A police duty belt, an important part of any law enforcement official’s uniform, is designed to support up to 15 pounds of equipment. The most popular belts are leather and come in two styles: One simply fastens around the waist. The other has an attached shoulder strap running diagonally across the chest. Originally designed by a British general, Sir Samuel Browne, the shoulder strap supports the belt, alleviating strain on the hips. Nylon belts, a leather alternative, are growing in popularity because they conform better to the body and thus prevent the bruising that stiff leather can cause.
Setting up your belt.
Your weapon of choice is the first item to consider when setting up your belt. Lay your belt on a table and place the holster of the weapon on the portion that allows for quick, easy access to your gun. On the hip portion of the belt, opposite the gun, you’ll want to place the radio. These are the two heaviest pieces of equipment you’ll carry. Evenly distributing the weight is an important consideration in setting up your belt.
You might want to consider a belt with a shoulder strap. Shoulder straps offer a place to clip on a microphone. The radio is the piece of equipment you will use most often throughout the day. The constant removal of the radio shifts weight to the gun side of the belt. Skin bruises easily from the constant rubbing of heavy objects. Clipping a microphone onto the shoulder strap allows for quick, easy access when responding to police communications, something you will routinely do throughout your day.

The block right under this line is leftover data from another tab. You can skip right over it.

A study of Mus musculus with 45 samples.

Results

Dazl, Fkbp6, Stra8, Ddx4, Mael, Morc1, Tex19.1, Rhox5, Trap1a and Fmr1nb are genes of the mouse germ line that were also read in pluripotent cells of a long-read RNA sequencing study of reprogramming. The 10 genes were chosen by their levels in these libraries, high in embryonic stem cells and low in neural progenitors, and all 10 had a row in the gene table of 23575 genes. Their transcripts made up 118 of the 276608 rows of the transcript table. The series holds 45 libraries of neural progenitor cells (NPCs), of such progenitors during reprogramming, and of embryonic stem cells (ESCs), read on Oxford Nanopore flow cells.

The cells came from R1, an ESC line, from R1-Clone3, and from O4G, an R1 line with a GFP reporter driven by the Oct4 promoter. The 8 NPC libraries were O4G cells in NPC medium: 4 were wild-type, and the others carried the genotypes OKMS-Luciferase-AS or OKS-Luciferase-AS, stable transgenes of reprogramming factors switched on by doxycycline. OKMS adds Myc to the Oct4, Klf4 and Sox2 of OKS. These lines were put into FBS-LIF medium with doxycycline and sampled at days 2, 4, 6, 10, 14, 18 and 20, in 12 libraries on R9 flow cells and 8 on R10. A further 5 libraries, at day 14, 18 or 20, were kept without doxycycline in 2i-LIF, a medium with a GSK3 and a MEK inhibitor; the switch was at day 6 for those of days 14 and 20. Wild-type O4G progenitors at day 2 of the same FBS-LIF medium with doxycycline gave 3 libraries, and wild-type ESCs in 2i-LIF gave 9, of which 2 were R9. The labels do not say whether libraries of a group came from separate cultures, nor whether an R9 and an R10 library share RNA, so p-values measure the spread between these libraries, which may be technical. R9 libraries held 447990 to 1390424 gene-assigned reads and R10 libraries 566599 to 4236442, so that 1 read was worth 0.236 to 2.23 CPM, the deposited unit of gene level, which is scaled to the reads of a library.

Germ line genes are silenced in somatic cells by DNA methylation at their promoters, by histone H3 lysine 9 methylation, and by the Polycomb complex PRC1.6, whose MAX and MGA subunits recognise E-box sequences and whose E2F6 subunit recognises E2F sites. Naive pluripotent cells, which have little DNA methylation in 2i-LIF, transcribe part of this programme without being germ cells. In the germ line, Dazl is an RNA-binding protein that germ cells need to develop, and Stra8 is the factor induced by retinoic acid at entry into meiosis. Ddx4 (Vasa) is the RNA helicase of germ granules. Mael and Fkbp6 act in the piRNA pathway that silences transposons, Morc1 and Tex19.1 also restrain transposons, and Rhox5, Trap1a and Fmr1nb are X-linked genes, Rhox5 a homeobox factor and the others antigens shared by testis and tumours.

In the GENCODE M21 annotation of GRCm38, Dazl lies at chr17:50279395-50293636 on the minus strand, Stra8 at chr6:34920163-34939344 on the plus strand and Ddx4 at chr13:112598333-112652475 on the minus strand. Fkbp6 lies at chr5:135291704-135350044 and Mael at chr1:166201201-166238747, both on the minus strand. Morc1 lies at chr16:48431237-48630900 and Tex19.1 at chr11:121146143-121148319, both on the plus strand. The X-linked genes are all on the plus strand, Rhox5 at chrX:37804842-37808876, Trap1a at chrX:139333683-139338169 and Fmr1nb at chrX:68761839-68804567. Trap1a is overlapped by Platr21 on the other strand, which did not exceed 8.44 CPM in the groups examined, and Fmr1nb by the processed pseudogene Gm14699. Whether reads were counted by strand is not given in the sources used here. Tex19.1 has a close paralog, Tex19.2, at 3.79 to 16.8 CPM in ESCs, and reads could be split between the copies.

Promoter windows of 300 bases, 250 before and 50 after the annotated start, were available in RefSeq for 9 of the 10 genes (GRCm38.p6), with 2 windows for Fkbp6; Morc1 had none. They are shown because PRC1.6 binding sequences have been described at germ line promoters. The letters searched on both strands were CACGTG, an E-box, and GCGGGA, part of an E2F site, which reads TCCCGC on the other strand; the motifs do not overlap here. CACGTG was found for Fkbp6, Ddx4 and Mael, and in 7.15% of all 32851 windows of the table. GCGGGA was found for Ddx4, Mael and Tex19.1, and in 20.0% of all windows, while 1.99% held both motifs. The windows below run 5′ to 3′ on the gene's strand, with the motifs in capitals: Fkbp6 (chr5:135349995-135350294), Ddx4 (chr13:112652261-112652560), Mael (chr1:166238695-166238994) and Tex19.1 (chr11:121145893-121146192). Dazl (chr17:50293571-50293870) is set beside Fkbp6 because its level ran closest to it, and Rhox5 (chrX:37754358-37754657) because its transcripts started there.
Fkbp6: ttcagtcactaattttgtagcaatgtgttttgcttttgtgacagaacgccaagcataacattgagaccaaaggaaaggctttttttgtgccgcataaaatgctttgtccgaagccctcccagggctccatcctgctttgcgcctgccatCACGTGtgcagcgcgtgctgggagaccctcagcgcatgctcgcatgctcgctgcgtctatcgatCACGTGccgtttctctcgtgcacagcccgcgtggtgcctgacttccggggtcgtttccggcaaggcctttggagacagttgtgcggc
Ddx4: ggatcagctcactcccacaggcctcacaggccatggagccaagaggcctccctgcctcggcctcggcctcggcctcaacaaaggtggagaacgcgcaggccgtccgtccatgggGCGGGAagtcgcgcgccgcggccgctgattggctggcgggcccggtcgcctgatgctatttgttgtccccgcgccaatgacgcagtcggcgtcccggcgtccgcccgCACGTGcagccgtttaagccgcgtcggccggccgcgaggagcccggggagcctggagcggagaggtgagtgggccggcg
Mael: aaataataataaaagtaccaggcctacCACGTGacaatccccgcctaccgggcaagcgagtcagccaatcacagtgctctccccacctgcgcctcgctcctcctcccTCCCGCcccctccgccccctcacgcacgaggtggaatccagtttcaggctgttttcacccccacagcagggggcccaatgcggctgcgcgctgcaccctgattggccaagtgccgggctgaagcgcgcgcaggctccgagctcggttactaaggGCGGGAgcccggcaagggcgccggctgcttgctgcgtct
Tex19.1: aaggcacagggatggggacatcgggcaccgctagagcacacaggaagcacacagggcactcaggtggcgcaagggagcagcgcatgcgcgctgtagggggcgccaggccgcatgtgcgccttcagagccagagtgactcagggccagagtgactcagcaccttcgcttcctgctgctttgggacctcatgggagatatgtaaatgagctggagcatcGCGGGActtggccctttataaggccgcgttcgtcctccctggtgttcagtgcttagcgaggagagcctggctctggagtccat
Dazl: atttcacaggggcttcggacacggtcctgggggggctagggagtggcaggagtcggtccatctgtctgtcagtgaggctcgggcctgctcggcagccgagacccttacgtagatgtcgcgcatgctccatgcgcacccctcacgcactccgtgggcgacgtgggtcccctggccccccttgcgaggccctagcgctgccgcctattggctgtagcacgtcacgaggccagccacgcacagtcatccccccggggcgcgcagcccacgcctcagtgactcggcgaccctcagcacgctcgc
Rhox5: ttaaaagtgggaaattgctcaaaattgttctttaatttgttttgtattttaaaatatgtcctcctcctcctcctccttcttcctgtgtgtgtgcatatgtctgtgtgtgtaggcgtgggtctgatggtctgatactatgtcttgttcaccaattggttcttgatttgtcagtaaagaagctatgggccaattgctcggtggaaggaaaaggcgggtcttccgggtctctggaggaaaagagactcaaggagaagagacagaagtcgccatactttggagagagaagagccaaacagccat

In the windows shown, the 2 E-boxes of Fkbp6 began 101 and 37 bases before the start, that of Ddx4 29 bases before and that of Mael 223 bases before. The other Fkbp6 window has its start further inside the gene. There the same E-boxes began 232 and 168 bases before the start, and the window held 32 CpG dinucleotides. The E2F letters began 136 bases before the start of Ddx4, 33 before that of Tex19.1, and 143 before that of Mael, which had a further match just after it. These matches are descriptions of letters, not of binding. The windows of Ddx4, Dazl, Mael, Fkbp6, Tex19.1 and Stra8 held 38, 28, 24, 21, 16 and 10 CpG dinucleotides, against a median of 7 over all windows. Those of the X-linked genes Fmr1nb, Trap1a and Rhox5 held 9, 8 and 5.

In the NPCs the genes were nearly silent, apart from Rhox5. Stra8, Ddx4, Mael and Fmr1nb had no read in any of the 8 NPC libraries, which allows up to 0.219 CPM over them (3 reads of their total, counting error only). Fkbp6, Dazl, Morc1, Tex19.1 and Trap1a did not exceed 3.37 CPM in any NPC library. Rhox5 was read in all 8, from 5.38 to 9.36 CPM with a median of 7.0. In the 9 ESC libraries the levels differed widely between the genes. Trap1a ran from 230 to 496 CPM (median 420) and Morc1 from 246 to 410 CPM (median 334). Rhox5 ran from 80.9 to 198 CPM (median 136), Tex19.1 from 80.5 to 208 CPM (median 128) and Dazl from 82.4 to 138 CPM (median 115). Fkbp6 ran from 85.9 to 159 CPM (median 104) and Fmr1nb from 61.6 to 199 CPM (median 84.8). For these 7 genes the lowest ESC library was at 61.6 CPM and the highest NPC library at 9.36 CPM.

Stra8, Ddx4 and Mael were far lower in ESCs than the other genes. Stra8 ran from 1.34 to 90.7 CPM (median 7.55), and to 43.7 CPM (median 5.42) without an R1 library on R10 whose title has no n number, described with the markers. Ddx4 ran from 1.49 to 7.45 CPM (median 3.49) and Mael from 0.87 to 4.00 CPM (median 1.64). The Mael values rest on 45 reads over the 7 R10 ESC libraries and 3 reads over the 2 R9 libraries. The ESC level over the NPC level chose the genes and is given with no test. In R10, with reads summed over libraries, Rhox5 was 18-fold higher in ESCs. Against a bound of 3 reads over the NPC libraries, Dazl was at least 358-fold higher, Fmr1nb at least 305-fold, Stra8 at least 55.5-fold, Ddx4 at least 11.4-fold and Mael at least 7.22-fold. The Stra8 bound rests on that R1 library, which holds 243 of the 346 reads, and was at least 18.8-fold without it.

The baton is a third key piece of equipment you should give some serious thought to. An expandable baton is probably the better baton for your belt. A long, solid baton hanging down below the knee can swing, bang and bruise your body. If you’re chasing someone, racing up and down stairs, or scurrying up and over a fence, having a long, solid piece of wood hanging down off your hip can be a hindrance. The expandable, shorter baton is more of a friend and fits nicely on either side of your weapon.
The placement of the remainder of your equipment is now a matter of choice. Handcuff pouches are often found beneath the small of the back and summons books are alongside radios. You’ll want to consider an appropriate holster for your cell phone. Other items needed are glove holsters, a place for keys, flashlight holders, a Taser holster and a pouch for chemical sprays. Most important of all, and probably a good idea for the front of the belt, are your weapons magazine pouches, although the New York Police Department reports that 90 percent of all NYPD officers never fire a weapon during the course of duty.